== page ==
Fuchs’ dystrophy is a genetic disease of the cornea. It occurs when the innermost cells of the cornea called the endothelium die off. These cells normally pump fluid from the cornea to keep it clear. As these cells decrease in number, fluid builds up and the cornea gets swollen causing the vision to become cloudy.
Fuchs’ dystrophy has two stages. In the early stage (stage 1), you may notice few, if any, problems. Vision may be hazy in the morning but gets better throughout the day. In the more advanced, stage 2, vision remains blurry all day. Fluid builds up in the cornea during sleep and not enough dries up during the day. Also, tiny blisters may form on the surface of the cornea and may cause irritation or pain. People in their 30s and 40s may have Fuchs’ dystrophy but not know it. Vision problems might not appear until age 50 or later. Women are more likely than men to have Fuchs’ dystrophy.
Fuchs’ dystrophy can be diagnosed during a routine eye exam. In people with Fuchs’, the cornea displays small “bumps” on its back surface called guttae. Your doctor can detect these with a specialized microscope called a slit lamp. Usually, Fuchs’ dystrophy can be diagnosed long before patients have any visual symptoms.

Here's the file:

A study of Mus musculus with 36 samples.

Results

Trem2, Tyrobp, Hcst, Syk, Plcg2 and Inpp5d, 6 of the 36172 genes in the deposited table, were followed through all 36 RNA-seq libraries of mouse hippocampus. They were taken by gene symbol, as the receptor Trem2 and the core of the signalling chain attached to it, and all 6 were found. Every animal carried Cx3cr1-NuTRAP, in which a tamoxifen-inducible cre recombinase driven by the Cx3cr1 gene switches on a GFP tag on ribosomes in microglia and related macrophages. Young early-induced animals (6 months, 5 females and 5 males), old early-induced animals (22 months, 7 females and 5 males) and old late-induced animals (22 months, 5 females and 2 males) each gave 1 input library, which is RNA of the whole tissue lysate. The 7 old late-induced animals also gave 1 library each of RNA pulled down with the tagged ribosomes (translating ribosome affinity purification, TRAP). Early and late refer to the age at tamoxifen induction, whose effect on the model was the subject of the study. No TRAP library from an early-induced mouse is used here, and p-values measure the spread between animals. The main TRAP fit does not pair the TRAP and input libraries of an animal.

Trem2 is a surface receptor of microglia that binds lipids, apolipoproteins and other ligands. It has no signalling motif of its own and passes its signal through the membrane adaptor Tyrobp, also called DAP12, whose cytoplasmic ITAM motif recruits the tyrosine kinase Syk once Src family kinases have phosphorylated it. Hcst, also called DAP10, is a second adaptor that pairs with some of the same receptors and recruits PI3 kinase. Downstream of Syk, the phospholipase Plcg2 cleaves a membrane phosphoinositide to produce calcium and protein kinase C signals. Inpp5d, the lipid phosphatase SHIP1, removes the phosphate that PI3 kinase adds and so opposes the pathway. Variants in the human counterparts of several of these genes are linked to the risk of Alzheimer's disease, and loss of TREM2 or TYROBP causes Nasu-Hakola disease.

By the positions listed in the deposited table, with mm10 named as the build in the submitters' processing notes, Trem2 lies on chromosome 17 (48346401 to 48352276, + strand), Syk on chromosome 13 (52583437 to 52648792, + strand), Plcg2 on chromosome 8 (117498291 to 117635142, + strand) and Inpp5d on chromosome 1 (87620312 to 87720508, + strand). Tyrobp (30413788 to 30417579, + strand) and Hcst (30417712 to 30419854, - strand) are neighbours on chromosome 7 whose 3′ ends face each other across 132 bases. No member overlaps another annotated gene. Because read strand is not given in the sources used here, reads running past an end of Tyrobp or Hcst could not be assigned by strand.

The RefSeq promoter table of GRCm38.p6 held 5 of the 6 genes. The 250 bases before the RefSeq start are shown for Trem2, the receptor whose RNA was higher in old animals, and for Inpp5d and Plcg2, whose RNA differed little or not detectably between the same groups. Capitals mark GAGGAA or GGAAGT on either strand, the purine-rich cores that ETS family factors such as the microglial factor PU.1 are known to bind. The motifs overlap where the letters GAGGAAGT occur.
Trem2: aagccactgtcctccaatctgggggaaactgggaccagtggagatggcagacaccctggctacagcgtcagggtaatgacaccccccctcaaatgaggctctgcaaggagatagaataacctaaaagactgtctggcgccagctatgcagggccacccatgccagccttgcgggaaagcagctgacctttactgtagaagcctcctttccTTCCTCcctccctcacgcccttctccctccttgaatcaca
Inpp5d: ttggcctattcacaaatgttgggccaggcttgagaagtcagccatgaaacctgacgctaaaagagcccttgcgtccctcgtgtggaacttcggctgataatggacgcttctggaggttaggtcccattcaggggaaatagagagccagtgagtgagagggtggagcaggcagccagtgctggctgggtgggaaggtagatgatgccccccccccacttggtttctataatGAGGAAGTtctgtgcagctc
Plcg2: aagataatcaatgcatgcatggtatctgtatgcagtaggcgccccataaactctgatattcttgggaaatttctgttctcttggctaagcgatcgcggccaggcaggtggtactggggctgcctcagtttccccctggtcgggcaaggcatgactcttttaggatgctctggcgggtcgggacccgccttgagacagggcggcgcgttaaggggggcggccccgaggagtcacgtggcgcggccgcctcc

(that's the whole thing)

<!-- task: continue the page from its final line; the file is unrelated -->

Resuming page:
As Fuchs’ dystrophy gets more severe your eye doctor may detect swelling in the cornea or small blisters on the surface of the eye. An advanced corneal imaging system, called specular microscopy, can be used to determine the severity of Fuchs’ dystrophy. This microscope takes a picture of the individual cells, called the endothelium, on the back surface of the cornea. With this instrument, your eye doctor can determine the health of these cells and the severity and prognosis of the disease. It may also be useful to measure the thickness of the cornea with an ultrasonic pachymeter. By measuring corneal thickness, it is possible to determine the progression of the dystrophy.
Treatment for Fuchs’ Dystrophy
In the early stages, Fuchs’ dystrophy may not affect your vision and no treatment is needed. If some mild early morning blurry vision occurs, eyedrops can be used to reduce some of the swelling. As the condition advances a corneal transplant may be necessary to restore vision. The surgeons at Northeast Ohio Eye Surgeons are at the forefront of corneal transplant technology. To treat Fuchs’ dystrophy, Dr. Jones and Dr. Lohman use the most advanced techniques of corneal transplantation — DMEK and DSAEK. These procedures provide the best vision and fastest visual recovery possible for patients with Fuchs’ dystrophy. With DMEK and DSAEK, 99% of your cornea is left intact and only the damaged innermost layer of the cornea is replaced. It is sometimes possible to restore 20/20 vision with these advanced surgeries.
More information about Fuchs’ dystrophy can be found at The Corneal Dystrophy Foundation. They also have a support group, called Fuchs’ Friends, where people with Fuchs’ dystrophy can talk with others who have the same condition.